CES: Retail Shopping Technology
By Kurt Scherf, Contributor
One final category to reference are technologies that are changing the way in which the relationship among retailers, consumer electronics manufacturers, and consumers are changing. There has been much written about how “showcasing” is cutting into brick-and-mortar retail sales because consumers may go to a store like Best Buy and look at the latest technology, but actually purchase the product online, where the price is cheaper and where sales tax may not be applied.
I found it interesting that a company like PrimeSense – which has been involved in the technology behind gesture recognition and what it calls “3D Sensing” (like the Xbox Kinect technology) – showcased a technology with a company called Shopperception. The demonstration showed how the technology can be used to evaluate how shoppers interact with products on store shelves and report on important factors at the point-of-purchase. It creates reports on how events in front of the shelf are related to the brand’s most important questions like hot activity zones in shelves, traffic flow analysis and even how much time it takes shoppers to pick up products.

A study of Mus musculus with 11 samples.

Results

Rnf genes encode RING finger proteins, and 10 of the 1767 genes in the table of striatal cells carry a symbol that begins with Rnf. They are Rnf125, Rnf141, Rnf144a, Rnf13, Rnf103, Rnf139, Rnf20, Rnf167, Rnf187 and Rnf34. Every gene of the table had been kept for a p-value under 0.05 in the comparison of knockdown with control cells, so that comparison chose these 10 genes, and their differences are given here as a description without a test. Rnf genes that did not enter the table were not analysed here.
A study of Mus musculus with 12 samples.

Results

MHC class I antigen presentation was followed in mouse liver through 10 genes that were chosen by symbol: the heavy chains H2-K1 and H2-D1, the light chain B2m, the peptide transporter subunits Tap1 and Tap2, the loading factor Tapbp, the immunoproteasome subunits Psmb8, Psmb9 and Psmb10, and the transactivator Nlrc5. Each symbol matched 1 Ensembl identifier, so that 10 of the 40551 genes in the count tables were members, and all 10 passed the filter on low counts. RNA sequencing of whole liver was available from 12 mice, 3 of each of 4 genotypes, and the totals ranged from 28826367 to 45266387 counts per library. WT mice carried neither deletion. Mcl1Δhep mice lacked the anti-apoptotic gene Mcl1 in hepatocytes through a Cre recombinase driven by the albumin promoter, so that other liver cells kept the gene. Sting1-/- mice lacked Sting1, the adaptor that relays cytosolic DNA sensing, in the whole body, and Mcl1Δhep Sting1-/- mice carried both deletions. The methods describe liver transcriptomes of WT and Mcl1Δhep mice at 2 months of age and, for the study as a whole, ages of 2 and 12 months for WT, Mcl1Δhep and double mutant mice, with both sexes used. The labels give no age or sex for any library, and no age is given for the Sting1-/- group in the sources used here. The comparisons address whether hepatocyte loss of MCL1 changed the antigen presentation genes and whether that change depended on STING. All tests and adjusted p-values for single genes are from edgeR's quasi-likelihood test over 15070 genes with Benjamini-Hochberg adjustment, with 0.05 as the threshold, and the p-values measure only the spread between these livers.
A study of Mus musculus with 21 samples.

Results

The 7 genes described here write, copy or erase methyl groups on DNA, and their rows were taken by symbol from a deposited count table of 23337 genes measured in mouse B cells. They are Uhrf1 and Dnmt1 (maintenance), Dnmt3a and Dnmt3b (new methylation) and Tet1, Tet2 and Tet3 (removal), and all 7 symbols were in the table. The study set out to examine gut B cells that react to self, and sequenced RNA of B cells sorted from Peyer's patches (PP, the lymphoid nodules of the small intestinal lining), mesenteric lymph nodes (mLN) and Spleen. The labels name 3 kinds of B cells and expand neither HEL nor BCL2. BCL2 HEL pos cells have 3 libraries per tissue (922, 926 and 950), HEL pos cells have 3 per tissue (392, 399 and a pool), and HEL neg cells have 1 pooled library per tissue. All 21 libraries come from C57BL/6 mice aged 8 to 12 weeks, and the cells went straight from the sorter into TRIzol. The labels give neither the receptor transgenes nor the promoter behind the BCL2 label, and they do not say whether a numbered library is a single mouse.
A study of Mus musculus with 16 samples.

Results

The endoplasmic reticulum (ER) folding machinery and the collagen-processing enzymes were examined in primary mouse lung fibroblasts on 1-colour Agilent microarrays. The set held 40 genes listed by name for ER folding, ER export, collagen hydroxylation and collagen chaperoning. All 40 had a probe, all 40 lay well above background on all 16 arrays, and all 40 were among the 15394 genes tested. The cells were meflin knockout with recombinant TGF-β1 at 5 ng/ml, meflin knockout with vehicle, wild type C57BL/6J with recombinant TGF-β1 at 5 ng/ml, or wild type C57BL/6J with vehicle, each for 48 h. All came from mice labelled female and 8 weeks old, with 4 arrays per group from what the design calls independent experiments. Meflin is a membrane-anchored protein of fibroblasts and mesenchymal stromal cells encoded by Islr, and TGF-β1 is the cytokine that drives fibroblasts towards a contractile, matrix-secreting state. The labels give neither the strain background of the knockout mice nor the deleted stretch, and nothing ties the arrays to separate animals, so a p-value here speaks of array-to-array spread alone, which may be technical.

Hailing from Iowa, I was interested to see how John Jackovin, the CEO of a Des Moines-based company called Bawte (pronounced “bought”) fared at his first CES. John’s company has developed a mobile app that aids the consumer electronics product registration process by automating a lot of the work (no more filling out those clumsy postcards) by linking the information to sites such as Facebook and Twitter. The technology also has the benefit of reporting what a customer purchased on social networking sites, and this can serve as brand promotion. John provided a daily recap of his CES experience in The Des Moines Register and an article in Silicon Prairie News.
Kurt Scherf, Contributor, has attended 13 out of the last 14 Consumer Electronics Shows in Las Vegas and tracked the news and developments remotely this year. According to the Consumer Electronics Association, the 2013 CES was the largest in terms of physical space (1.92 million square feet), with attendance of more than 150,000, with 35,000 people from 170 countries outside the U.S. While plenty of column space was dedicated to the companies that weren’t in attendance in an official capacity (Amazon, Apple, Microsoft, and Research In Motion, to name a few), there is always enough excitement in the new year about consumer electronics developments to cover.